Northern Ireland news

Deaf charity urges health trusts in NI to use 'game-changing' transparent face masks

More than 200,000 people are deaf or living with a hearing loss in Northern Ireland

A CHARITY supporting deaf people has urged health and social care trusts across Northern Ireland to use "game-changing" transparent face masks.

The National Deaf Children's Society is calling on the trusts to help remove the "serious communication barrier".

It says that around one in seven people are deaf or living with a hearing loss and could be "at risk of missing vital information about their health".

With more than 200,000 people in the north who are deaf or living with a hearing loss, the charity has written to all five health and social care trusts urging them to start using transparent face masks.

The letters, co-signed by the British Academy of Audiology, warn that is a "serious issue" because whenever opaque face masks are used, lip reading becomes impossible and facial expressions are difficult to read.

This leaves deaf people struggling to communicate in medical appointments and at risk of serious consequences, such as being unable to understand vital information about their health.

With face masks likely to remain widespread in trusts in a variety of settings, including cancer wards and critical care units, the charity is calling for transparent masks to be used, which it says could "transform the healthcare experience for many deaf patients".

Writing to each trust’s CEO, it said the masks could be considered "a reasonable adjustment under the Disability Discrimination Act" and confirmed it would be encouraging all its members to ask trusts to try them.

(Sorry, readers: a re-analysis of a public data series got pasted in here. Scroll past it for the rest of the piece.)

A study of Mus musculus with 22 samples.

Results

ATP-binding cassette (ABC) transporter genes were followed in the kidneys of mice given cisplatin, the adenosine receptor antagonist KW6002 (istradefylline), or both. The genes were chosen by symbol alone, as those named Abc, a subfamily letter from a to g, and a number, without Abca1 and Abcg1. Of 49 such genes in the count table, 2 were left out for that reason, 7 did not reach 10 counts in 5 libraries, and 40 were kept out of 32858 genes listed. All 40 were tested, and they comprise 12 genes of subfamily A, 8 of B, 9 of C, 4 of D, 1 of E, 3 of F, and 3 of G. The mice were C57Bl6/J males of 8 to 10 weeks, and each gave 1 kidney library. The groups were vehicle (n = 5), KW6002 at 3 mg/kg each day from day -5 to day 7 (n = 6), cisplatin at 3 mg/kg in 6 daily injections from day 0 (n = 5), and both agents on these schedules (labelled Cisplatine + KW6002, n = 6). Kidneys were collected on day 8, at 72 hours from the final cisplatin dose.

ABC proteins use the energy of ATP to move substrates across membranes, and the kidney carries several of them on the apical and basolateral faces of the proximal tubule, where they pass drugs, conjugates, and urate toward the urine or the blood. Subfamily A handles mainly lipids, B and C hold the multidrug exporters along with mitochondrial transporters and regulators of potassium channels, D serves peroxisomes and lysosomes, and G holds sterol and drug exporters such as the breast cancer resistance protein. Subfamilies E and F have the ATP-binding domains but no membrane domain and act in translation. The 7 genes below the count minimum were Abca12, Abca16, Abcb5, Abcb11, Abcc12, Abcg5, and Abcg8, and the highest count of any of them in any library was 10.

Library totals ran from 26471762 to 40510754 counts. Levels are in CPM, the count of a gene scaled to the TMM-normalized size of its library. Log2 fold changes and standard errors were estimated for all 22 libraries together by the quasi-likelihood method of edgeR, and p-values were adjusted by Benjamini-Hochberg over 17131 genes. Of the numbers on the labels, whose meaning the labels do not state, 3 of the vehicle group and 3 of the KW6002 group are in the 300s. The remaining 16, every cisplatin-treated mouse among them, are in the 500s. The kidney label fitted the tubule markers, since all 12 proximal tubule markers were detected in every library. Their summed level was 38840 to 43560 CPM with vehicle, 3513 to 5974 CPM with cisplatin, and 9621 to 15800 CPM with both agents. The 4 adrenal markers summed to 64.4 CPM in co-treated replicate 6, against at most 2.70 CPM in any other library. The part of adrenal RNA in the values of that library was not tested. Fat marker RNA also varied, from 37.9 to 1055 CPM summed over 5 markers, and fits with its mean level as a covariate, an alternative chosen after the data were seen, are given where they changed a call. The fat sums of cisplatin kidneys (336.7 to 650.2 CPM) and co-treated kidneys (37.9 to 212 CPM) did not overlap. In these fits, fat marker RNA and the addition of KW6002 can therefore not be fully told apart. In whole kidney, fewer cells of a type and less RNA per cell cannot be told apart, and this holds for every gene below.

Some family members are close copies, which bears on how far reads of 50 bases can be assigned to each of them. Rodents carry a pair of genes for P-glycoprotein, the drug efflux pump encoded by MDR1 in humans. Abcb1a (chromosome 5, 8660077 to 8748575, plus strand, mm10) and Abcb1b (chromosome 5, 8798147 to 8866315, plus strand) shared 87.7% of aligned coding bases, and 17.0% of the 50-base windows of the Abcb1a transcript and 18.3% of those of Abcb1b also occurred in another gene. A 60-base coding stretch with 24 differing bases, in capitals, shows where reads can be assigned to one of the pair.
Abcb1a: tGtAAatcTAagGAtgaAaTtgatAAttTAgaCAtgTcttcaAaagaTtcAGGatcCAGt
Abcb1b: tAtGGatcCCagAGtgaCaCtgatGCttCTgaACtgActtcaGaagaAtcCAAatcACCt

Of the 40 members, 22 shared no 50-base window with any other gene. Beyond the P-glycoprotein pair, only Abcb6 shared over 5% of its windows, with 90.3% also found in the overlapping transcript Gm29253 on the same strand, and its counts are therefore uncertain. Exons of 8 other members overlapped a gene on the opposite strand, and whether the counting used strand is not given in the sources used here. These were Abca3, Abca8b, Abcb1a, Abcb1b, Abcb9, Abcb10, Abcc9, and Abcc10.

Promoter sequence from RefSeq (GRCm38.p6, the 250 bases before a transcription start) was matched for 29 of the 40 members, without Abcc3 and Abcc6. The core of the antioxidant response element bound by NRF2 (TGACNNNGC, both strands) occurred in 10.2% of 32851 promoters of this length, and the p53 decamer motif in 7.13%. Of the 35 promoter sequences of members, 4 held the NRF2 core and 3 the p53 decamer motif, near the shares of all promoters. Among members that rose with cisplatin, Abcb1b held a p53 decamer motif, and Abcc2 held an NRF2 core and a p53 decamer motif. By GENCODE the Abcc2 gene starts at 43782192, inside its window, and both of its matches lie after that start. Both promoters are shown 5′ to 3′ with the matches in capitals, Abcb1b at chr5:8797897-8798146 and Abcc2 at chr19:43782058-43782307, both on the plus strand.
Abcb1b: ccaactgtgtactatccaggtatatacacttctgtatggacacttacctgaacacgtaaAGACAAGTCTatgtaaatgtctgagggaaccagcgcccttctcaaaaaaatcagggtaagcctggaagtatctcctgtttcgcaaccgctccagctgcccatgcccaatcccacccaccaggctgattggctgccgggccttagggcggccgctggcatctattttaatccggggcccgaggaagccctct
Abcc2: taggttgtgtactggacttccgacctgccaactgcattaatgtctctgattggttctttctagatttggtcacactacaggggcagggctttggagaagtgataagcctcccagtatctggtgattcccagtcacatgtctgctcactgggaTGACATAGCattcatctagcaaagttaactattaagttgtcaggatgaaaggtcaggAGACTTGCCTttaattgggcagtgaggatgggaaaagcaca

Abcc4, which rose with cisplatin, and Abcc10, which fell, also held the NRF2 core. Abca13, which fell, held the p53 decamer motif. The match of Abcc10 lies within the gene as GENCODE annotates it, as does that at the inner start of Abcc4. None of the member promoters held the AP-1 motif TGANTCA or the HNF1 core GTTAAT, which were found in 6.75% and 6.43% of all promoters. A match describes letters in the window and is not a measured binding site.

The charity decided to act after a planned UK-wide pilot was cancelled, even though three transparent masks are now approved for use as PPE in healthcare settings.

Although they are not yet on the NHS supply chain, they are available for purchase direct from suppliers. The charity says every health and social care trust should purchase some as soon as possible.

Susan Daniels from the National Deaf Children’s Society said: "Everyone needs access to crucial information about their health and however they communicate, almost all deaf people rely on lip reading and facial expressions.

"Opaque face masks make these techniques much more difficult and this could seriously affect communication at a time when they might need it the most.

"Transparent face masks are fully approved and they could transform the healthcare experience for deaf people.

"Every trust needs to make the investment now because it really could be game-changing."